There are so many celebrations and milestones you will share as you follow the journey of foster care with the children placed on your path. So many exciting moments and days will be filled with gratitude and awe of all that you and your foster children are able to overcome and accomplish. But even the most optimistic of us know that not everything in foster care can be fixed, not all the stories have a happy ending that we get to see or be a part of. There are so many ways that foster care will test your faith, your family, your marriage, your children, and everything you think you know about humanity and the fairness of the world. But I encourage you to take the leap and join us anyway. There is no greater power to transform the world than love.
“Love bears all things, believes all things, hopes all things, endures all things.”
And when I tell you ALL things, I mean each and everything from this list can be overcome with love in some capacity.
- You will be sad to hear their “story,” the reasons that led them to you.
- Sometimes you see them sneaking and hoarding food, sometimes they save food for parents or siblings for later on or just in case. You’ll wish it mattered that your cupboards are full.
- The late nights you’ll spend with tears and shaking and the fear of sleeping in a stranger’s home.
- The questions you know the answer to, that you know you are better off not answering
- The questions you have but you may never get an answer to yourself.
- The fact that the child asks no questions and expects complete dysfunction as normal.
- When you wake up at 3 am from rustling and you find your foster child in their closet, in bed with a sibling, or at the foot of your own.
- When they introduce you as Aunt or Uncle so-and-so for years even though you feel like mom.
- When they start calling you mom.
- On the day of the visit, the parents are there and the kids run from you without looking back.
- On the day of the visit, the parents aren’t there and the kids don’t want to talk to you about it.
- When the caseworker stays into the evening throwing off your family’s routine.
- When you get a caseworker who never stays.
- When a distant relative comes forward for a child you’ve been with for months.
- When no distant family member or friend comes forward.
- On the day of court watching the parents struggle and become frustrated or overwhelmed as they try to make sense of how to fix things.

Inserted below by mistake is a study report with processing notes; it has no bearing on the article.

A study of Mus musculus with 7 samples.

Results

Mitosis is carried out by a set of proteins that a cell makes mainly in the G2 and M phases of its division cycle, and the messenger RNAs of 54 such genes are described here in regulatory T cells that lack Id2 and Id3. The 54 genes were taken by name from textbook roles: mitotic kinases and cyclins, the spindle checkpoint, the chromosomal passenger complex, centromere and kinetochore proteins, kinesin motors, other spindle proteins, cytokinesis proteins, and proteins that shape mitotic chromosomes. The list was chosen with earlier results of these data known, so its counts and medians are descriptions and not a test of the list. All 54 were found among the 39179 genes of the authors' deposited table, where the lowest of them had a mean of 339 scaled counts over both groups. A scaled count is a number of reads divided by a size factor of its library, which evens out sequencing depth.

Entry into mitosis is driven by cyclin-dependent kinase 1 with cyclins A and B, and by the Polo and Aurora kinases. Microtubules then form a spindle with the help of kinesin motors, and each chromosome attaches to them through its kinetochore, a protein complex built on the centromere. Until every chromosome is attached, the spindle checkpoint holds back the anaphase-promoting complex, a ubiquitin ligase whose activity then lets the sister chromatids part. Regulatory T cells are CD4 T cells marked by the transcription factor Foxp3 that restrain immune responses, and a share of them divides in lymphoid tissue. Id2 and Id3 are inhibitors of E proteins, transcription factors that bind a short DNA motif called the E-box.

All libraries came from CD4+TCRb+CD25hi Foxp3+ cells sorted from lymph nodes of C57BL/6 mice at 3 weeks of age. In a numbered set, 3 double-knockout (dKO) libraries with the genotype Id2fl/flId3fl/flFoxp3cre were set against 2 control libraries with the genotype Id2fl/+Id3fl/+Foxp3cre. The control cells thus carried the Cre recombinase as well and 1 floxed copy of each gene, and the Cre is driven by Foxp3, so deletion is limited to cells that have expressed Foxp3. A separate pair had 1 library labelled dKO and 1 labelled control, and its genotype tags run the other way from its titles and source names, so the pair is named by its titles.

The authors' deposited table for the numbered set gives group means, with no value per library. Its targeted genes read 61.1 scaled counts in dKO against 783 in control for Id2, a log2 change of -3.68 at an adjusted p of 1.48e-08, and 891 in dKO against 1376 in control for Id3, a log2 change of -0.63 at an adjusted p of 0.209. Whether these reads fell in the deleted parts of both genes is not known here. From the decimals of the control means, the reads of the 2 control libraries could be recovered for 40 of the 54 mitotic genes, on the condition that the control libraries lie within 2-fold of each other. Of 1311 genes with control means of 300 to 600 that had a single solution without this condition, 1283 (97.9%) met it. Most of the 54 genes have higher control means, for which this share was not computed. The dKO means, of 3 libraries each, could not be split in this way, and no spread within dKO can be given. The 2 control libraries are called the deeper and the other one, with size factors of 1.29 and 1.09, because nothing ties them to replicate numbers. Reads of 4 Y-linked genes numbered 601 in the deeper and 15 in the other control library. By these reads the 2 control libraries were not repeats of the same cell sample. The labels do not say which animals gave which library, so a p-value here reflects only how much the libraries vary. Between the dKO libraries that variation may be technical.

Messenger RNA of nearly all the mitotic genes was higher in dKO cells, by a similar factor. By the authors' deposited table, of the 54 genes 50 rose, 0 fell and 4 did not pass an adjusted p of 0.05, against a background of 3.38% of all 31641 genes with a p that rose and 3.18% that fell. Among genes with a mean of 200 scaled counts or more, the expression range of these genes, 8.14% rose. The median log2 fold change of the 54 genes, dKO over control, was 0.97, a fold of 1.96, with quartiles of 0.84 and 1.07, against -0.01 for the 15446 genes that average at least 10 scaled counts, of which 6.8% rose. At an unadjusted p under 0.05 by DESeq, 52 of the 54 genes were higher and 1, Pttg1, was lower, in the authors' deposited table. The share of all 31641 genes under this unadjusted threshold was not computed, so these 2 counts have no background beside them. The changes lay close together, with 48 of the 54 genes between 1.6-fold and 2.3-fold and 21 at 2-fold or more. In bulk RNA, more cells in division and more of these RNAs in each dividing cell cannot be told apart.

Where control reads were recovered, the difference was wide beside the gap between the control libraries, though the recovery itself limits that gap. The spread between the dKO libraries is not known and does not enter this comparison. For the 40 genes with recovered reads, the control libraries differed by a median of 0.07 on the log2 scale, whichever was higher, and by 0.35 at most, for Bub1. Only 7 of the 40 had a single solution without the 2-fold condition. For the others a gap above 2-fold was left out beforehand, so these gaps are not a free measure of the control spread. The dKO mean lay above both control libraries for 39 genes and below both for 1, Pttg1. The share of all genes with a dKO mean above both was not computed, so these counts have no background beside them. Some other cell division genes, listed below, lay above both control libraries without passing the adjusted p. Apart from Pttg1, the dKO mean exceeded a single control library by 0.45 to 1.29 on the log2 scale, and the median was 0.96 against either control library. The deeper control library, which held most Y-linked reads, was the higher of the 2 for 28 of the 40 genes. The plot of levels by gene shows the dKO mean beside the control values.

- On another court day watching the parents making progress, doing well, and knowing you have done your part, but you feel that deadline looming because you will be sad to see your child go.
- At the therapist or case managers office waiting because there is a case before you, and realizing there are probably 8-10 after you as well. You see that this is much more prevalent than you ever knew.
- The day when your child’s parent’s rights are terminated, you will cry for them and your children.
- When you see the children dancing or singing or doing something that you know to be unique to their DNA and their biological parents, and you almost want to share that, but you know it will just ruin the moment, so you think it to yourself.
- When the biological parents don’t get well.
- On the 16th birthday, first steps, graduation, or even just field trip days when you keep showing up because you know in your heart that it matters even when you are greeted by a disappointed child who was hoping for their parents instead.
- When major decisions are to be made, and you aren’t in the position to make them.
- And on the day that you know your child(ren) have gone home and are happy with their parents and doing well, things are in order and the case is closed. You haven’t heard of any new cases lately, you are almost hoping no new children come into the system needing foster care, and then that day your phone rings again. And you are waiting to start back at the beginning with another family.
- When you realize how needed you are, how important this work is, and you know you can only do so much.
Foster care is the most rewarding trial you will ever walk through. I encourage you to get involved, pay attention, and help those who are doing it if you are unable to yourself. What better result can come from your life’s work than happy, healthy, and kind people who know the power of love because they learned it from there time in foster care.